2004 Swine Research Review


Inadequate Diet Mixing Greatly Reduces Nursery Pig Performance

Pig growth performance may be improved when producers take the time to thoroughly mix feed, according to recent Kansas State University (KSU) research results.

Adequate feed mixing is especially important when low inclusion rate ingredients like crystalline amino acids or other microingredients are used. Researchers note that calculating the differences in average daily gain (ADG) between the treatment groups over a 50-day nursery period suggests pigs consuming thoroughly mixed feed may weigh in at 7 to 15 lb. heavier while eating 4 to 8 lb. less feed than pigs eating a poorly mixed ration.

While the importance of thoroughly mixing diets is often emphasized, little research data is available to quantify the impact of adequate mixing on pig growth performance.

A 28-day trial was conducted to evaluate the effects of mixing time on growth performance of 180 weanling pigs. Six pigs were allotted per pen, with six pens per treatment. Pigs averaged 13.8 lb. and 21 days of age at the beginning of the experiment.

Experimental treatments consisted of mixing a diet for 0, 30, 50, 120 or 330 seconds in a horizontal ribbon mixer. Diets were fed in two phases — Day 0 to 14 and Day 14 to 28 — with diets in both phases containing high levels of synthetic amino acids. Diets in Phase 1 also contained 3.75% fish meal, 15% dried whey and 2,500 parts per million (ppm) zinc from zinc oxide.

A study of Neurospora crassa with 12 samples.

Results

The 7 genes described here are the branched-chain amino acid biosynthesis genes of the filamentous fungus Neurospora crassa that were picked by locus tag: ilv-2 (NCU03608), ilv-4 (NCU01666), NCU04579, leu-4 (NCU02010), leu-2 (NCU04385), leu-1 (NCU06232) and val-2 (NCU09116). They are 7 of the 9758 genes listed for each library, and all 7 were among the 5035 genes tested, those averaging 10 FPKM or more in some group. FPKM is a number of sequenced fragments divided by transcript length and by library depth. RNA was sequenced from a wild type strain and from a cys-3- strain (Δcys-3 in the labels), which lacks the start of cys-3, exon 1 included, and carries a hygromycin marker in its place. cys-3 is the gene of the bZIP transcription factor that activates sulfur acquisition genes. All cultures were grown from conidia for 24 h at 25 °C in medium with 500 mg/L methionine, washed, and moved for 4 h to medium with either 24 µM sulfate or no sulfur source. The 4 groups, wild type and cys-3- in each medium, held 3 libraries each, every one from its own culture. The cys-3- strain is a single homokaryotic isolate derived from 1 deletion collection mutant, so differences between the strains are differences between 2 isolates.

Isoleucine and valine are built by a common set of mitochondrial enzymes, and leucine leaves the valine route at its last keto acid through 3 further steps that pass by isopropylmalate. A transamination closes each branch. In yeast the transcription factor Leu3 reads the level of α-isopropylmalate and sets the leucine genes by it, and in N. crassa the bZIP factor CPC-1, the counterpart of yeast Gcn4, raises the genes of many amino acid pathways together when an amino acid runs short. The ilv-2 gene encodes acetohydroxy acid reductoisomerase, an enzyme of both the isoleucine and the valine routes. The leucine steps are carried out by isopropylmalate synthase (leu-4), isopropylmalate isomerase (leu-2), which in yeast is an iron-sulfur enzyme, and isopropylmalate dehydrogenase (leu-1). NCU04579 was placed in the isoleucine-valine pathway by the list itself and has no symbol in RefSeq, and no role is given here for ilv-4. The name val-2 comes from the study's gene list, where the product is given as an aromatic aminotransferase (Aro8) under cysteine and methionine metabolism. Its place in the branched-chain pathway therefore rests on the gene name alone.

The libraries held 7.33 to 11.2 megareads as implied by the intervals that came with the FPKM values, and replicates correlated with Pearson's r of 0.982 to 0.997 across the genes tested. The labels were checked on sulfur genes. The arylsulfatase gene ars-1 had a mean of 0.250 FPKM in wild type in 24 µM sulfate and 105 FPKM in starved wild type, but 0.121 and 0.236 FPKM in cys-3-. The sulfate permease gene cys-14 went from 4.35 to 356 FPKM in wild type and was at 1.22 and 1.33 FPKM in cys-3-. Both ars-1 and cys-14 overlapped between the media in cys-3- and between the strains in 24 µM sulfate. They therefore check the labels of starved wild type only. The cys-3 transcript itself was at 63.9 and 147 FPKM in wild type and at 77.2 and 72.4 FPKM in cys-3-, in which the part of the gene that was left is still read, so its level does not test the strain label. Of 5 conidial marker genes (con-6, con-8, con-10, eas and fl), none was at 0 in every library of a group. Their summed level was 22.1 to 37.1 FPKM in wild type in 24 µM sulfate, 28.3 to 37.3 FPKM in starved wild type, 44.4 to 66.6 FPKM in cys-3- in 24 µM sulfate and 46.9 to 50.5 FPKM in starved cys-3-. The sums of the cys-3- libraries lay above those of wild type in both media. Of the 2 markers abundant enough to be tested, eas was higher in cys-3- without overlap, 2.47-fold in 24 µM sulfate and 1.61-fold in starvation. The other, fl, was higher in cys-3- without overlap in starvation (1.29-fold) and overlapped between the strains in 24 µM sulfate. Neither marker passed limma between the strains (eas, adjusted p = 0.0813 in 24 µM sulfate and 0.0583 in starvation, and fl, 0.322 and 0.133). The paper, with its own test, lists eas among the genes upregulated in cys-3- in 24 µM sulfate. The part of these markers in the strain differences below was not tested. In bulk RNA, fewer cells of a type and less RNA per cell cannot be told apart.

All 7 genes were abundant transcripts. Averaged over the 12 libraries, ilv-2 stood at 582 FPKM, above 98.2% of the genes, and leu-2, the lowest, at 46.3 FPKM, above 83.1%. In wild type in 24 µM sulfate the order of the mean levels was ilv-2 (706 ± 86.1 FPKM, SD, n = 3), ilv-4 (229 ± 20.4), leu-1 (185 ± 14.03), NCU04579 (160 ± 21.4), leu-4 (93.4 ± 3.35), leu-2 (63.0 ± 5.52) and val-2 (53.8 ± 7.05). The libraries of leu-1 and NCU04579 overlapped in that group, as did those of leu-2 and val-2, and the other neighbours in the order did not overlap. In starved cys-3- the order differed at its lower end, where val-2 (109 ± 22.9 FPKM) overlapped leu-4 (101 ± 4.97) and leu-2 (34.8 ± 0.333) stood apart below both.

Eight samples were collected from the mixer at the completion of respective mixing times. Each 50-lb. bag was labeled and sampled to determine the degree of mixing that occurred as feed was conveyed from the mixer to the bagger.

Degree of mixing is measured by the coefficient of variation (CV). To measure CV, eight to 10 individual samples of a batch of feed are collected and analyzed for salt content. The variation among the analyzed content of the samples is expressed as a percentage of the mean. Therefore, a low CV means more uniformly mixed feed, whereas a high CV indicates poorly mixed feed.

Growth performance was linearly improved in both phases by thoroughly mixing feed. Increasing mix time from Days 0 to 28 increased ADG and gain:feed ratios.

Researchers: Crystal Groesbeck, Robert Goodband, Mike Tokach, Steve Dritz, DVM; Jim Nelssen, Joel DeRouchey and Casey Neill, Kansas State University, Manhattan, KS. Contact Groesbeck at (785) 532-1277.